On a day when the tone was set by Spaniard Carlota Ciganda, who has an annoying habit of backing off almost every shot and sometimes more than once, the pace of play ended up being the main talking point rather than the match position.
The first fourball match of the afternoon session took almost three hours to play nine holes and more than five hours for the 16 holes required for Suzann Pettersen and Anne van Dam to beat Lizette Salas and Danielle Kang.
Salas, playing in the match for a fourth time, was given a “bad time” for taking too long to hit her second shot on the 13th and was warned that another would have led to her disqualification from the hole, though the 30-year-old was by no means the only offender.
“It’s painfully slow out there,” admitted Inkster. “I know we had maybe a couple on our side that are maybe a little bit slower, but they have a few on their side, too, that are a little slow.
“You look at this golf course, it’s tough. The wind’s blowing. The greens are firm. The ball’s not going anywhere. It’s cold. I mean, it’s not like it’s a pitch and putt. It’s a tough golf course. And out here every shot counts. Every putt counts.
“I think Lizette had a bad time, but that was the only player that had a bad time out there. She knows she probably has to speed it up a little bit. But I’m not going to say anything.
“It’s not fair, because the other players know how to play the game. So my players are playing at their pace. And then when they say we’re timing them, they speed up. And that’s... they make a living out of that. So, until we change the rule, they’re going to keep doing it. And they know who they are.”
In foursomes and fourballs, players are given 50 seconds to play, unless they are playing first on a hole, in which case they are allowed up to 60 seconds to hit. That will be cut to 40 seconds in Sunday’s singles. It had been reported earlier in the week that officials would be showing “no mercy” as they operated a zero tolerance policy, but that clearly wasn’t the case for the opening two sessions.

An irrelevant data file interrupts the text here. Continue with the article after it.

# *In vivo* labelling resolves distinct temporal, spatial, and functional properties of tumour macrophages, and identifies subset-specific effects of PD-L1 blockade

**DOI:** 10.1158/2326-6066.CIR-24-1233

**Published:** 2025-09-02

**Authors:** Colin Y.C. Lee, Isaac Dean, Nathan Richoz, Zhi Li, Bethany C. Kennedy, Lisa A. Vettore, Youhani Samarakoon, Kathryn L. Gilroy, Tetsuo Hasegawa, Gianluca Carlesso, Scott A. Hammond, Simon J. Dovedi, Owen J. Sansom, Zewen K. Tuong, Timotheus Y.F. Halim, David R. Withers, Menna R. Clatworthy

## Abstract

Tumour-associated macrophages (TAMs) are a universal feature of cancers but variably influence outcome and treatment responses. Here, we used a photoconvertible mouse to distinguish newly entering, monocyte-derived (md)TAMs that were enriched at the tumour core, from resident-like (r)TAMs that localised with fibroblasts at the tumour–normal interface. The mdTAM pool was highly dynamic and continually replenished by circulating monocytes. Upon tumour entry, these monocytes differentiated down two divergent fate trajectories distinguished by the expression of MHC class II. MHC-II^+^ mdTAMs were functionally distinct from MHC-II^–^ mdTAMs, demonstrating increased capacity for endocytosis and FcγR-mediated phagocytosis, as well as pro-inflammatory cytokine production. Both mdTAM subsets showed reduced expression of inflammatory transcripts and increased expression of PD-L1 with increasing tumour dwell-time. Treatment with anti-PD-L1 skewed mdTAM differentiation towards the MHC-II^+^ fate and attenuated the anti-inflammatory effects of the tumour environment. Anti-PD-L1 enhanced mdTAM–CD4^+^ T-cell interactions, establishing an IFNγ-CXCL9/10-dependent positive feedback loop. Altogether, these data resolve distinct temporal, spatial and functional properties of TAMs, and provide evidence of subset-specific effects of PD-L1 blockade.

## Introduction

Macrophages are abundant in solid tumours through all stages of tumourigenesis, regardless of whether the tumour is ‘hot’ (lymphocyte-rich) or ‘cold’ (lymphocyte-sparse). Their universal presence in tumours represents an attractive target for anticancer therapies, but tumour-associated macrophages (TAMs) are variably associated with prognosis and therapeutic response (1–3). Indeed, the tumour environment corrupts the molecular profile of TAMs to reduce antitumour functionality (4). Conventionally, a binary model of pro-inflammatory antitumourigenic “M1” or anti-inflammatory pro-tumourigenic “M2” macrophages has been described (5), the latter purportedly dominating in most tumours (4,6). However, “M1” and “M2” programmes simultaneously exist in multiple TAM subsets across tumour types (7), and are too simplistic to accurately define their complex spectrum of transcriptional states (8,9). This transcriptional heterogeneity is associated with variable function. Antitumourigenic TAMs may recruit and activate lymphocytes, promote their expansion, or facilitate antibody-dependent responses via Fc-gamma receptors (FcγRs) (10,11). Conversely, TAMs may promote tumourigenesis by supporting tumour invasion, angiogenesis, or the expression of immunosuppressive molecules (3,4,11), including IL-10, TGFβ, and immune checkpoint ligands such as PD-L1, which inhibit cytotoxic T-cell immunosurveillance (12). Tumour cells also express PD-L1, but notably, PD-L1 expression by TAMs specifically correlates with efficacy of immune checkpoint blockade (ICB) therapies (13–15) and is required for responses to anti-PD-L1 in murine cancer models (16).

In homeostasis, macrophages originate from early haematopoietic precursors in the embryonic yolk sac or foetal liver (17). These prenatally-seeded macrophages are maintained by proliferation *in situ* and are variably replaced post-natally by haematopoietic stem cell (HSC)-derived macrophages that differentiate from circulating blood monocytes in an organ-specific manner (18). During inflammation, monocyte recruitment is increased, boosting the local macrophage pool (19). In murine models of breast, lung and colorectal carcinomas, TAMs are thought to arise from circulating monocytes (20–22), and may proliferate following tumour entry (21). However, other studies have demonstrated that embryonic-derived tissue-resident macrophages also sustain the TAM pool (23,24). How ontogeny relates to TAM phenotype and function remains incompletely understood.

“Some of the players on both sides do take quite a while to hit a shot, but it’s the officials really, they are the ones who police the pace of play. So it’s up to them,” said European captain Catriona Matthew.
“Every week the players are aware of the pace of play policies. I mean, no one wants to see slow play. Obviously with the bigger crowds it’s more difficult sometimes, but ideally it would be nice to be faster tomorrow.”
Bidding to stop the Americans from making it three wins in a row, Europe have their noses in front, but Matthew admitted the home side had been “disappointed” to suffer two late blows as American duo Lexi Thompson and Brittany Altomare both holed last-hole birdie putts in the Perthshire twilight.
“I’d be lying if I said it wasn’t what we were looking for,” said the North Berwick woman of a sting in the tail that left Europe leading 4.5-3.5 when it seemed set to be 5.5-2.5. “But I think you have to take the positives and we’re leading. We’re a point up. If we’re leading at the end of each day, that would be great.”
Inkster said of the late drama: “No-one really ever talks about the half point. And I have to say those two half points at the end were huge. For two rookies to be four down with five holes left and to come back and tie, you can’t teach that. It’s just in your belly. I’m just so impressed with them.
“We started off hot and we got a little lukewarm in that middle, but we finished hot. So I’m very pleased with the way the day went, because everybody played. And we had some good matches.
“We just gotta keep the Europeans, so we can see them. You don’t want to get too far down. It was looking like we could be two and a half points down. It’s not insurmountable, but you keep gnawing a half a point here and point there and it adds up. To be only a point down, I’m very pleased with where we’re at right now.”